BUCKLEY SPACE FORCE BASE, Colo. --
In 2014, while serving as squadron commander, I wrote an article capturing elements of what constituted my leadership philosophy. In the article, I described the balance between taking care of the mission, unit personnel, and myself as the three pillars of sound leadership. These three elements have not changed over the years but they have – combined with changes in our strategic environment – prompted me to develop a Delta command approach motivated by three distinct imperatives: our oath as foundational to everything we do, our mission’s role in national security, and the development of space warfighters as key to operating in the new space environment.
We are all familiar with our oath of office. We are required to offer it at enlistments or commissioning ceremonies and by tradition, we repeat it every time we pin on a new rank. It’s a worthy tradition because it reminds us, at just the right intervals of our careers, why exactly we chose to serve and why we continue to serve. Simply put, our oath reminds us we serve a purpose much larger than ourselves.
Our oath gives us our reason. It is our WHY. Our oath is reflected in our Department of the Air Force core value of “Service Before Self.” It is also reflected in the Army’s values of “Loyalty” and “Selfless Service,” the Navy’s and Marine Corps’ value of “Commitment,” as well as the Coast Guard’s value of “Devotion to Duty.” Our Space Force core values will also reflect our oath as the long-lasting foundation of our young Service. In short, our oath gives purpose to everything we do; from the way we conduct ourselves, to the way we treat each other, and of course, how we perform our mission.
Expanding on that reality, we must also recognize that providing strategic and theater missile warning to the United States, our allies, and combatant commanders worldwide is too critical of a mission. Frankly, it is not only a national security imperative, but also key to some very important concepts, both doctrinally at the strategic level, and more tangibly, at the tactical level.
First, consider our Space Capstone Publication. It captures five core competencies: Space Security, Combat Power Projection, Space Mobility and Logistics, Information Mobility – where missile warning plays a key role – and Space Domain Awareness. However, missile warning represents more than just Information Mobility. The bookends of our core competencies – Space Security and Space Domain Awareness – are also influenced significantly by the capabilities enshrined in our missile warning mission. This is because without missile warning, there is no Space Security. Similarly, without many of our missile warning sensors, we would have incomplete space domain awareness. Strategically, our missile warning mission bookends the core competencies of the U.S. Space Force.
Second, in a tactical sense, Space Delta 4 units play a very tangible role in the front and back ends of the military kill chain. At the front end, our sensors find, fix, and track targets. At the back end, they have a piece in the assessment phase of the chain. Thus, it is not farfetched to think the space kill chain starts and ends with us! To these, we can add our sensor’s significant contributions to technical intelligence and theater battle space awareness. Space Delta 4 not only sees the world, as our motto suggests, but allows our mission partners and allies to see it as well.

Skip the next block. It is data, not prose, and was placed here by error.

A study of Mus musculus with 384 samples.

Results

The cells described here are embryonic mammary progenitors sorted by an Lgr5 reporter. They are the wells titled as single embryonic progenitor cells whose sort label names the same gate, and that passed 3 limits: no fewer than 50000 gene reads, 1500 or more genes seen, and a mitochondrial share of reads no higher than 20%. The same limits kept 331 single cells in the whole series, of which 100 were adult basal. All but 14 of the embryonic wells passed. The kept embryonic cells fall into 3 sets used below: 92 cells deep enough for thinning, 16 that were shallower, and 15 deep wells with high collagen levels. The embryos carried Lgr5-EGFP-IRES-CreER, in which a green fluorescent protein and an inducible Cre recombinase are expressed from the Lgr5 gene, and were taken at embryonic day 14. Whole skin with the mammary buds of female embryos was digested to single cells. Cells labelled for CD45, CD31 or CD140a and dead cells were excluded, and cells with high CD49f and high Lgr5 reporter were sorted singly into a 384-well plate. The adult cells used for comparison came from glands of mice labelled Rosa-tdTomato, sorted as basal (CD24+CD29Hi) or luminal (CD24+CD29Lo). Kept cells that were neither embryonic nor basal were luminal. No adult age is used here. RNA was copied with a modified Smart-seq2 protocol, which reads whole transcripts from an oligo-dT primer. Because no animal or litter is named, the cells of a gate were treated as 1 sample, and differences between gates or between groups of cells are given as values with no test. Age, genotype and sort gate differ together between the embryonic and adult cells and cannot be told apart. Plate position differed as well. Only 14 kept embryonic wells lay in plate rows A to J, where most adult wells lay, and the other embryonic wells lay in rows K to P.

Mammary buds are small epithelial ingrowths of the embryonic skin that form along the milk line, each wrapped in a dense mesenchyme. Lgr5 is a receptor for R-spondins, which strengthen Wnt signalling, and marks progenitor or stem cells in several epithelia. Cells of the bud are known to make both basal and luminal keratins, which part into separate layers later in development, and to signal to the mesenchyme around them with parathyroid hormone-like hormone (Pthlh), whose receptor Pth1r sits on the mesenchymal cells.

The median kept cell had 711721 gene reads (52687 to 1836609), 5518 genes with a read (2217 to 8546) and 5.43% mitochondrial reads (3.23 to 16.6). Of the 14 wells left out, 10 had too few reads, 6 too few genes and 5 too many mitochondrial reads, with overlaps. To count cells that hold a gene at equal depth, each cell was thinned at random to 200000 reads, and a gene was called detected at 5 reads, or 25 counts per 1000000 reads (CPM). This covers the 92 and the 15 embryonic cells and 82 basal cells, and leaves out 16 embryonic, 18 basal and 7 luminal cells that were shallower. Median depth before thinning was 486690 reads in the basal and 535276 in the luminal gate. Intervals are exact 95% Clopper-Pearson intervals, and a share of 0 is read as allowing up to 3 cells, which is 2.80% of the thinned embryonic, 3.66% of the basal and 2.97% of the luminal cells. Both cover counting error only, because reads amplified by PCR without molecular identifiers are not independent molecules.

Just as we recognize the importance of our mission to national security, we must also recognize this new operating environment requires Guardians and Airmen to develop and sharpen skill sets not demanded of them before. The importance of our missile warning mission demands mastery because our nation and our allies expect it, demand it, and deserve it. This mastery must be reflected in technical prowess, but also in a mindset, attitude, and approach commensurate to the new reality in space.
When the nation declared space a warfighting domain, it recognized this domain is no longer the sanctuary it once was. In doing so, it provided the impetus behind standing up both the United States Space Force and United States Space Command. It also created the requirement to grow and develop a cadre of space experts capable of fighting and winning in space.
Thus, our call now goes beyond being merely cyber, intel and space operators; we are now called upon to be space warfighters. This new breed of space warfighters must think, act, and plan like the warriors in other Services who make up the strength of our nation’s warfighting might. This is a deliberate and important distinction – we must be warriors to be effective warfighters. We must be good teammates to be good warriors. We must have a change in mindset to be a successful force.
Recognizing space as a warfighting domain removes proximity to the fight as a defining element of the term warfighter. It necessarily expands the term to include those who fight and produce effects from afar. Most importantly, it helps define space warfighters not only in terms of location, but also in terms of the attitude, demeanor, and assertiveness with which we approach our craft, whether on shift or on staff. In short, it requires us to develop and inculcate a warrior’s ethos and culture.
Looking forward to the next two years in command, I recognize both the challenges and opportunities in front of us; to maintain readiness to win a fight today, to posture Space Delta 4 to fight and win in future wars, and to grow and develop the next generation of missile warning warfighters. I eagerly look forward to tackling these alongside my Space Delta 4 teammates. I am convinced our efforts will set the foundation for missile warning warfighting. Our efforts will also proclaim loudly and boldly – to both our friends and our potential adversaries – that we are proud Guardians and Airmen, that we are warriors and masters of our craft, and that the space kill chain… starts with us!